Ed Brayton is right that Maryland’s Parkdale High School is taking a “weird” approach to religious accommodation.
The school is requiring Muslim students to maintain a certain level of GPA in order to qualify for being excused from classes for daily prayers.
As Brayton writes, “If the accommodation is reasonable under the Free Exercise clause, it’s reasonable for all Muslim students, not just the ones with a certain grade point average.”
He’s also right that there should be some formal correction for the Parkdale teachers upset over any accommodation of the Muslim students’ prayers who told their classes that the public institution was “a Christian school.”
What those teachers likely meant is that the majority of students attending the school are, at least culturally, Christian. That’s probably true. But that doesn’t mean that Christians, because we’re the majority, get to enjoy privileges denied to neighbors of other faiths or of no faith.
For Christians trying to figure out a way to think about these things, let me suggest the Miley Rule — the ethical principle articulated by the great moral philosopher Miley Cyrus: “Just put yourself in that person’s shoes.”
How would the good Christians of Riverdale Park, Md., feel if the free exercise of their religious beliefs were made conditional on maintaining a high GPA? How would it feel to be in their shoes?
Or, as Miley also said, “Do to others as you would have them do to you.”
Wait, maybe that last one wasn’t Miley, maybe that was Jesus. Either way, it seems like a good rule.
I attended the public John Greenleaf Whittier elementary school through second grade. Every Wednesday, my Catholic classmates were dismissed early to walk a few blocks over to St. John’s for catechism. If our schools could accommodate that, we can certainly figure out how to accommodate the prayers of our Muslim students as well.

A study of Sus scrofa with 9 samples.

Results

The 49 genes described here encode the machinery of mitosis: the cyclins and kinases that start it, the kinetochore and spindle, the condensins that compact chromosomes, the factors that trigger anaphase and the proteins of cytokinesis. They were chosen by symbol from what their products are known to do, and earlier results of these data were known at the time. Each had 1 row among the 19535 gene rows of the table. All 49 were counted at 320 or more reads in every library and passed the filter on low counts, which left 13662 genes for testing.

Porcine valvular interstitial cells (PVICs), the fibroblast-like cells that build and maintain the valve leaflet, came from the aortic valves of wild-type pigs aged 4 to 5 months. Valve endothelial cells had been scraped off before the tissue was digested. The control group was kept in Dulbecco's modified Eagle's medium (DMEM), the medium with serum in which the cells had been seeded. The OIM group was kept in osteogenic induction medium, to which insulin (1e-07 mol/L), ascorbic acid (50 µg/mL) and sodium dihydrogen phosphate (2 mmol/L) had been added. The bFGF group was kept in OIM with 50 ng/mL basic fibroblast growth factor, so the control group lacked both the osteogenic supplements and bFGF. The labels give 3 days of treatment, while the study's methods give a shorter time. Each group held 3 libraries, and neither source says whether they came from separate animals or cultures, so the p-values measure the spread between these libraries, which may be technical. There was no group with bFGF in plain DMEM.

In a recent post at Out of Ur, David Fitch defines LGBT people as suffering from “sexual brokenness.”
Apart from the merits or demerits of that particular position, it’s odd that Fitch characterizes this as a demonstration of his “taking a non-position to this question.” His post is titled “Why You Shouldn’t Have a Position on LGBTQs,” and I think he’s quite sincere when he claims “we have no position.”
I think he quite sincerely doesn’t realize that, yes, in fact, he does.
“What does it mean to be privileged?” Jamelle Bouie asked. “It means not having to think about any of this, ever.”
And it means getting to pretend that “we have no position,” even when you clearly do.
And it means that you get to decide what “position” to take toward others, or to loftily take no position at all, while others can never have a “position” on the “question” of you. Unlike them, you’re never a “question.” That’s what privilege means.
Fitch’s title — “You Shouldn’t Have a Position on LGBTQs” — cannot make any sense for the many “yous” reading it who are themselves lesbian, gay, bisexual, transgendered or queer. How can you have “no position” on yourself? I suppose that’s marginally better than being asked or required to have a “position” against yourself, but still, what are LGBT Christians to make of Fitch’s argument?
My advice for Fitch would be, again, listen to Miley: Just put yourself in that person’s shoes.